Monday, May 18, 2015

The Hittites and their Art

The Hittite Empire dominated Anatolia and northern Syria for about 250 years, 1440-1190 BCE. That much is clear, since it is well-documented in Assyrian, Egyptian, and Hittite texts. But who the Hittites were, where they came from, and how distinctive they were as an ethnic group are all much disputed. I have before me a recent book, The Hittites by J.G. Macqueen, and the chapter called "Who Were the Hittites?" is one of the most confusing things I have ever read. According to Macqueen, something that can be recognized as Hittite culture existed in central Anatolia by 2200 BCE. Their art owes much to that of Syria and older kingdoms in Anatolia, but it has a character of its own and some of it is quite marvelous. (Rhyton in the form of a stag, Imperial Period, 14th-13th century BCE.)

One thing we know is that the Hittites used an Indo-European language for their court documents. But how Indo-European speakers ended up in central Anatolia and what percentage of the population spoke the intrusive tongue are also much disputed. Since Hittite history spans more than a thousand years, during which there were many conquests, migrations, and other upheavals, the answer might have varied a great deal over time. (Tiny amulet of a seated goddess, 14th-13th century BCE, possible the sun goddess Arinna.)

Two ceremonial objects from the early Hittite period, c. 2200 BCE.

The Hittite imperial capital of Hattusas, near modern Boğazkale, Turkey. One interesting little fact about this city is that in about 1700 BCE it was destroyed by a certain King Anitta from Kussara, who set up a stela bearing this curse:
Whatever king after me tries to resettle Hattusas, let the Stormgod of the Sky strike him!
But this had no more effect than the salt the Romans are supposed to have sown at Carthage; within a generation Hattusas was again a thriving town, and by 1500 it was the greatest city in the region. (That the ruler of their pantheon was a thunder god was a trait the Hittites shares with other Indo-Europeans, like the Greeks, but again how much of their religion came from the steppes and how much was adopted from other Near Eastern people is confusing and much disputed.)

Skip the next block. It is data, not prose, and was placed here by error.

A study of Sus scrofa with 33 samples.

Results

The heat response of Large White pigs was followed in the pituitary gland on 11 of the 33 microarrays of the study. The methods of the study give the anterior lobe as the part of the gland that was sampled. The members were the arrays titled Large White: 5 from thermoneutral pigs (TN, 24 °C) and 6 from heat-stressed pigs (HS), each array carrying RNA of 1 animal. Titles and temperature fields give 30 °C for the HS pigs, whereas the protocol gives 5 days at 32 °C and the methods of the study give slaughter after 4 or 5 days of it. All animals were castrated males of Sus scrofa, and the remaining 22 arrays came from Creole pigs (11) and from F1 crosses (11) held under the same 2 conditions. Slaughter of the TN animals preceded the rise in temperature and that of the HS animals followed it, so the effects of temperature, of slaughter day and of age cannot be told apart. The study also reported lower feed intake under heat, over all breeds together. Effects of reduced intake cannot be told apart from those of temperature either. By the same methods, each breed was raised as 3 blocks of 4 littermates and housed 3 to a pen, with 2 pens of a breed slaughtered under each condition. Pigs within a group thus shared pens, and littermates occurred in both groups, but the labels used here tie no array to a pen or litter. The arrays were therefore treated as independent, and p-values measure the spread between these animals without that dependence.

Famous relief showing the twelve gods of the underworld at nearby Yazılıkaya. Love the hats.

Map of the Hittite Empire at its height.

Silver cup in the shape of a fist, Imperial Period, now in the MFA, Boston.

Figurine from Yazgot, Turkey, now in the Louvre.

Relief showing a king pouring libations at the feet of a god, Imperial Period.

Vessel in the shape of a bull, Imperial Period.

Silver stamp seal with Hittite hieroglyphs, Imperial Period.

Small figure of a priest or king, Imperial Period.

Although the great Hittite state had disappeared by 1160 BCE, there remained in northern Syria several small states claiming to be the empire's heirs, for example at Carchemish. These states, which endured down to about 700 BCE, are the Hittites who figure in the Old Testament; scholars call them Neo-Hittites. They were generally vassals of the Assyrian Empire, and as you can see their art was very heavily influenced by Assyrian styles. This stuff strikes me as inferior to the Assyrian originals, and I prefer the older Hittite works.

Huge statue of the god Atarsuhas accompanied by lions. Below,the happy goats.